Director: Steve McQueen
It’s been twelve months since Django Unchained, the po-mo western that reshaped US history into a double-barrelled shotgun, loaded it with ignorance, and obtusely blasted the head off any truth about pre-Civil War slavery. That’s at least the re-evaluation of Quentin Tarantino’s movie that comes of watching 12 Years a Slave, a momentous historical drama poised between the personal strife of a free man sold to slavery and the untitled stories of a million others. All have been immortalised by Steve McQueen’s unflinching lens.
Adapted from a memoir written 150 years ago, the film’s subject hits the screen with urgency and relevance. Chiwetel Ejiofor plays Solomon Northup, a well-to-do violinist contented with a life familiar to us; he shops, dresses well, and goes to dinner a respected citizen. Flashes forward to a sugar cane plantation interpose the idyll, where the polite address of “sir” is replaced by “nigger”, and a numbing hypocrisy wafts from the tip of a hat set against the crack of a whip. The N-word meanwhile gnaws long after it leaves an overseer’s lips, yet even this is not so profound an insult as Northup’s new slave name “Platt”; a shackle more degrading than any made of iron.
It’s safe to say we’ll be seeing a lot more of Ejiofor following his big and well-deserved break as Northup. Every inch of his face becomes an expressive tool, where glistening eyes or a trembling lip will say more than any number of spoken lines could. Ejiofor was initially hesitant about taking the role, and it’s obvious that McQueen wanted him for his humble and stoic air – just the leading man to modestly allow glances over his head at the bigger, horrific picture. The balancing act between Northup’s exceptional story and its historical backdrop feels enduringly faithful, even definitive.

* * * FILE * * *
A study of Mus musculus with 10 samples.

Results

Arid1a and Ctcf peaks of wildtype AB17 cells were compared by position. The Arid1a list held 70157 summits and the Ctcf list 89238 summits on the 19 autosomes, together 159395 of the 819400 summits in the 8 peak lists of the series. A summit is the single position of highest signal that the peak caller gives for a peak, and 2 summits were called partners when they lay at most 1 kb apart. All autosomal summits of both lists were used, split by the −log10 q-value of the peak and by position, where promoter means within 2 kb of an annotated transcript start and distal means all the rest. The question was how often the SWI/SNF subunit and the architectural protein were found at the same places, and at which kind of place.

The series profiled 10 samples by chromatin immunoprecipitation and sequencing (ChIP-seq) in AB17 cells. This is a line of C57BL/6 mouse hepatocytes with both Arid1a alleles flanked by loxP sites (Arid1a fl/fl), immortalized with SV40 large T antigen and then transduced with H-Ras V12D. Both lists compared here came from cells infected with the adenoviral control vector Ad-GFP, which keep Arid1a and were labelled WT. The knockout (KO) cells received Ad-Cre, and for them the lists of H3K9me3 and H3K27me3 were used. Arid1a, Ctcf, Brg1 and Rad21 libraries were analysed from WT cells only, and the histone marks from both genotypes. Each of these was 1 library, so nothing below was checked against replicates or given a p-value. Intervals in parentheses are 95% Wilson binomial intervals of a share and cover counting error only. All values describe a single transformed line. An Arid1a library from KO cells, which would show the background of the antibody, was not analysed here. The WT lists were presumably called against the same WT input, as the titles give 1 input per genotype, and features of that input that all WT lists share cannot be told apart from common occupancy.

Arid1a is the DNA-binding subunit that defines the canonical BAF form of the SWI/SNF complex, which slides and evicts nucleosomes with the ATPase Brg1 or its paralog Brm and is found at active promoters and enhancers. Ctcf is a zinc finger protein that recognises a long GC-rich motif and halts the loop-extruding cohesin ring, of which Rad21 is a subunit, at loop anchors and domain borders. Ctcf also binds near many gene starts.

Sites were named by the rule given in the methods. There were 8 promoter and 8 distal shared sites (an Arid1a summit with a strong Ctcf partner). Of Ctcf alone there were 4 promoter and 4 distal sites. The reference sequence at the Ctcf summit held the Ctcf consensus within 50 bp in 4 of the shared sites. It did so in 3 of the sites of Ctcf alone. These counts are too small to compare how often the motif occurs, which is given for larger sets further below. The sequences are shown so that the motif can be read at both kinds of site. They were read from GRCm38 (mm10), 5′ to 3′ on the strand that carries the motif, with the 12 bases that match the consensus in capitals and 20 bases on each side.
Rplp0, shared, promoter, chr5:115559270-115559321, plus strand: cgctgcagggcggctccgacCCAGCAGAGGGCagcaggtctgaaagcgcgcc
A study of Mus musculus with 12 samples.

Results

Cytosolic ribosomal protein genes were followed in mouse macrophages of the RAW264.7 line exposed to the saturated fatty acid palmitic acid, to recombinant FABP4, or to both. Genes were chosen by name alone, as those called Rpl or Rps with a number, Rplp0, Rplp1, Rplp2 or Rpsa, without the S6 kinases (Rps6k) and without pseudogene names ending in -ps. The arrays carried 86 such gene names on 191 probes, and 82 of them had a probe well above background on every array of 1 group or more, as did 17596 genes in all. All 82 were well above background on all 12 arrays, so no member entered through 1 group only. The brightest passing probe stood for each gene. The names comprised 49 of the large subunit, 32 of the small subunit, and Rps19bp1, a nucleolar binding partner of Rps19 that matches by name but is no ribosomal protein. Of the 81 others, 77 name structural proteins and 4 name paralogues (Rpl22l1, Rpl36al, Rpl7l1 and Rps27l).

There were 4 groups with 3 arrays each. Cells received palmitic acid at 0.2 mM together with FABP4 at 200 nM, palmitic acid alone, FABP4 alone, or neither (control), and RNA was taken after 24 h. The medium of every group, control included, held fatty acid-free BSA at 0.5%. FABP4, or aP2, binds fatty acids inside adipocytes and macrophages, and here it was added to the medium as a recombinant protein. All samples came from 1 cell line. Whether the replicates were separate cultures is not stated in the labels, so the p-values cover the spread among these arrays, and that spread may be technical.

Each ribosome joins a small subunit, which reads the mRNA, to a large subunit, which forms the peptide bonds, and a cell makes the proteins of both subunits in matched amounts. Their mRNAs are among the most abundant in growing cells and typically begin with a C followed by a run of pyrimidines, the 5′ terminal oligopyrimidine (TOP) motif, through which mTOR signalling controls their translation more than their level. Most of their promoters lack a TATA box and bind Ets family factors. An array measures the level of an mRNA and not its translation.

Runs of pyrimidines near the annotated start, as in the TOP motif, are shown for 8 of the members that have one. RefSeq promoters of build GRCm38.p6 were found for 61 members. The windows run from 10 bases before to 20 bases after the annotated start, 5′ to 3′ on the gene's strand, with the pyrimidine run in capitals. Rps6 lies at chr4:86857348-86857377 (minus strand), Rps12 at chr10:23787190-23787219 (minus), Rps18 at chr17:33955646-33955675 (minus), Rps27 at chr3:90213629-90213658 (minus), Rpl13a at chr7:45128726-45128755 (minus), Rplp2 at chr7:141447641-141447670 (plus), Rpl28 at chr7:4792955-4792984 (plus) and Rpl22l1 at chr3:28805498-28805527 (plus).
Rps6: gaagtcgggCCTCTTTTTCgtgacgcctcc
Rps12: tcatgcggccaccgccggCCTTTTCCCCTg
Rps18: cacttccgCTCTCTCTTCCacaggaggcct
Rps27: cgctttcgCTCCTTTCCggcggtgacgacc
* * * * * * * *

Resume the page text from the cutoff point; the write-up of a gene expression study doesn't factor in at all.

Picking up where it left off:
The steady pacing of the episodic dozen-year journey provides stage space for an outstanding supporting cast. First are Northup’s masters, each representing different facets of slavery’s evil. Benedict Cumberbatch offers a rare friendly face as Ford the plantation owner, yet crushingly proves to be little more than an ineffectual coward. To “save” him from murder by mewling overseer Tibeats (Paul Dano), Northup is sold on to the deranged Edwin Epps, played by a bulging-eyed Michael Fassbender. As the infamous “nigger breaker”, Fassbender spits rabid cruelty from a snarling visage of hatred, haunting scenes with his twisted bible recitals. The justification for his sadism? “That’s scripture.”
Real revelations are found on the other end of Epps’ lashings. Lupita Nyong’o’s stunning debut as field slave Patsey is simply taken as reality, a living extension of the authentic production design. Patsey is the girl left behind, consigned not to twelve years, but a lifetime of misery. McQueen may speak the unspeakable through Northup, but Nyong’o reminds us that most slaves had it inconceivably worse.
Individual achievements owe much to those of the technical departments. Hans Zimmer helms the score, but not even this eminent composer’s melodies can muffle the sharply rendered rattling of chains, a creaking noose, or the slaves’ rumbling chorus of “Roll, Jordan, Roll”. The elegy sounds from somewhere deep within Ejiofor, in a spine-chilling eruption of pure soul.
Producer Brad Pitt’s late messiah-like appearance as a noble Canadian carpenter brings the film’s only off-note; after two hours of torturous realism he arrives on set conspicuously like a Hollywood star on work experience. Then again, Pitt coats McQueen’s bitter pill with a smidge of sugar that an Oscar board would find palatable.
But we’re far away from a gooey finale or a honeyed closing theme tune. The director’s last film was Shame, and despite the leap in subject matter from sex addiction to slavery, the end of 12 Years leaves us with just this.
McQueen is resolute in his scrutiny of the atrocities that modern life was founded upon. He opens his film on a misleading claim, “based on a true story” – misleading because it tells hundreds of thousands more. As for Solomon Northup, his story isn’t told; it is raised through the ceiling and declared. Like the welts on Northup’s back, 12 Years a Slave will leave its lingering marks on the mind, and on the future of cinema.